No one likes the “anonymous customer treatment”, especially coming from their favorite brand or frequent retail market. Inaccurate data gives a disastrous impression. According to the 2019 global data management benchmark report, nearly half of organizations globally say that a lack of trust in their data contributes to increased risk of non-compliance and regulatory penalties (52%) and a downturn in customer loyalty (51%)”.

It’s not flattering to be contacted as “Dear Customer” or by a misspelled name/last name. It shows a lack of detail and attention that may drive a prospect away from a purchase, and instead considering other brands that are clearly focused on their customer preferences and needs. According to the Global State of Multichannel Customer Service Report, “97% of global consumers say that customer service is very important or somewhat important in their choice of and loyalty to a brand”.

Marketers and salesmen now have multiple channels at their disposal to reach buyers, and build strategies to persuade and win. The trick is how you do it, without being overly intrusive and scaring away prospects. This issue is especially prevalent when acquiring prospect lists from information brokers. Such lists, while a powerful marketing medium, are generally chock full of misspellings, outdated information, incomplete fields, etc. That’s why it is imperative to enhance your data first with effective matching, profiling, deduplication, and enrichment tools before you get started on your next marketing campaign.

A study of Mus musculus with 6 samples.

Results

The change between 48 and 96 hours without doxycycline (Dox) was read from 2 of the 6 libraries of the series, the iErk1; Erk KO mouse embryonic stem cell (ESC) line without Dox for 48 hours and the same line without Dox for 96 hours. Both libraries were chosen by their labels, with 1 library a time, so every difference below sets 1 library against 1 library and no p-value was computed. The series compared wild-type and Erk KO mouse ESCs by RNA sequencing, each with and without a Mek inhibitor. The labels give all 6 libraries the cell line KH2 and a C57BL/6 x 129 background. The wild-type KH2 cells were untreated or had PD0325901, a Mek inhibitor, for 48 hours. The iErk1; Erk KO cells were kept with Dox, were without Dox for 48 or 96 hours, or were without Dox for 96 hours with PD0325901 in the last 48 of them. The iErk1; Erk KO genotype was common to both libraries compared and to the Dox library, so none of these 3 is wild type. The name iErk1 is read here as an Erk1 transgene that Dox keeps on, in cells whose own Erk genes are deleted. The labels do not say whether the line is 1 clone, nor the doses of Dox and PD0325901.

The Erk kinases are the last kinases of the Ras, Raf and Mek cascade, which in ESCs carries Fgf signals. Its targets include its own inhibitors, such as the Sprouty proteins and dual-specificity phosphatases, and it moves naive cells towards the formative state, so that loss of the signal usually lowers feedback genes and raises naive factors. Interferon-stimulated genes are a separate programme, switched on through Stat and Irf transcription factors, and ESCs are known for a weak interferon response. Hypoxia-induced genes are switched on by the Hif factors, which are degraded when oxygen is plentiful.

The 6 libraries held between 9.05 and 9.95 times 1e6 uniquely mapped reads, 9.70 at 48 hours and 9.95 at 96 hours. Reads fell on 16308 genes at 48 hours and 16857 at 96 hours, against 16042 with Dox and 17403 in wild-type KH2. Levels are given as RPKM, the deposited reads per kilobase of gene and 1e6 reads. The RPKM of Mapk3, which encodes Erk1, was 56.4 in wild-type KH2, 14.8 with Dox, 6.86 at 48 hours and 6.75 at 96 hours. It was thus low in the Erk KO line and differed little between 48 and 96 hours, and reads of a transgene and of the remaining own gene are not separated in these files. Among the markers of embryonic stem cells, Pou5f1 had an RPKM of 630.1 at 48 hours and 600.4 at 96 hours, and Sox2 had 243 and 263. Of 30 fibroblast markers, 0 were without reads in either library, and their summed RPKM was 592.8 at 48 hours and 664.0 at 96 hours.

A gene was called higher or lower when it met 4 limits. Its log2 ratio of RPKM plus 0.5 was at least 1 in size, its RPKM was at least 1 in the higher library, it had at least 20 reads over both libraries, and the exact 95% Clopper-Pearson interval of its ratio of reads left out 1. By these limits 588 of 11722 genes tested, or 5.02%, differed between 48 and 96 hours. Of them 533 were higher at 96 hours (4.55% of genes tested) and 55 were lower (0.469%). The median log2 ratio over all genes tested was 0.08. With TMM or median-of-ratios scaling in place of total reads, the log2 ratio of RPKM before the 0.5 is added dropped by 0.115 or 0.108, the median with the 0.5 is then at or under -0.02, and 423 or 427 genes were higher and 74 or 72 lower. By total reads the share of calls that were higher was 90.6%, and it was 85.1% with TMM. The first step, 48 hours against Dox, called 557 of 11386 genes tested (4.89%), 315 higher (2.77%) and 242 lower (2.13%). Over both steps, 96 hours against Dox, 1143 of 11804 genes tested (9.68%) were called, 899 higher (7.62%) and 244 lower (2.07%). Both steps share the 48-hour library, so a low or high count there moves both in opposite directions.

Put Yourself in the Customer’s Shoes

Brands often ignore a customer’s interaction with their company until they are about to purchase. Take a step back and shet about: what did they see first when they visited our website/store? When? How? Who did they speak with? Did any friend, coworker, or neighbor refer them? Or on the opposite end of the spectrum: did they hear any negative feedback on our products, are they considering competitors, and if so, why? Ignoring the customer’s experience on any of your company’s touchpoints can break a sale.

Every single step towards, during and after the purchase, can build or destroy not just the transaction, but your whole relationship with a customer, and even spread to influence other customers, both potential and existing. Having data that accurately the customer experience in a timely manner can help you avoid such issues while also improving customer experience and therefore increasing revenue. Bain and Company claim that, by leveraging data to engage with customers, they’ve seen a 40% increase in revenue.

There are 3 major instances where customers interact with your brand:

  1. Before the purchase.
  2. During the purchase.
  3. After the purchase.

Review your purchase process and ensure that no customer touchpoint is being ignored and data from each interaction is recorded properly. Trouble is, data from different touchpoints might be fed into different systems across the enterprise. And in many cases, you might have duplicates of the same customer across disparate applications and systems. To make sense of customer data and leverage it for better customer experience, you should integrate data across systems, clean and standardize it, and match records across and within systems for deduplication and enrichment purposes. Perhaps one application contains name and phone number of a customer, while another also contains their address? You could create a master record that combines all of that information into a single golden record. See how DataMatch Enterprise can help you do that and much more.

Your customer experience cannot be conceived as individual, unrelated moments of truth with your brand. It is, in fact, an organic journey that also has to do with perceptions and emotions, not just raw information and cold Data.

89% of customers get frustrated because they need to repeat their issues to multiple representatives

– Accenture

A wanderer at heart, Ehsan specializes in exploring how people interact with product-focused B2B companies across various touch-points and leveraging that insight in content marketing. In his spare time, he dabbles in data science and learning how to get the most out of data.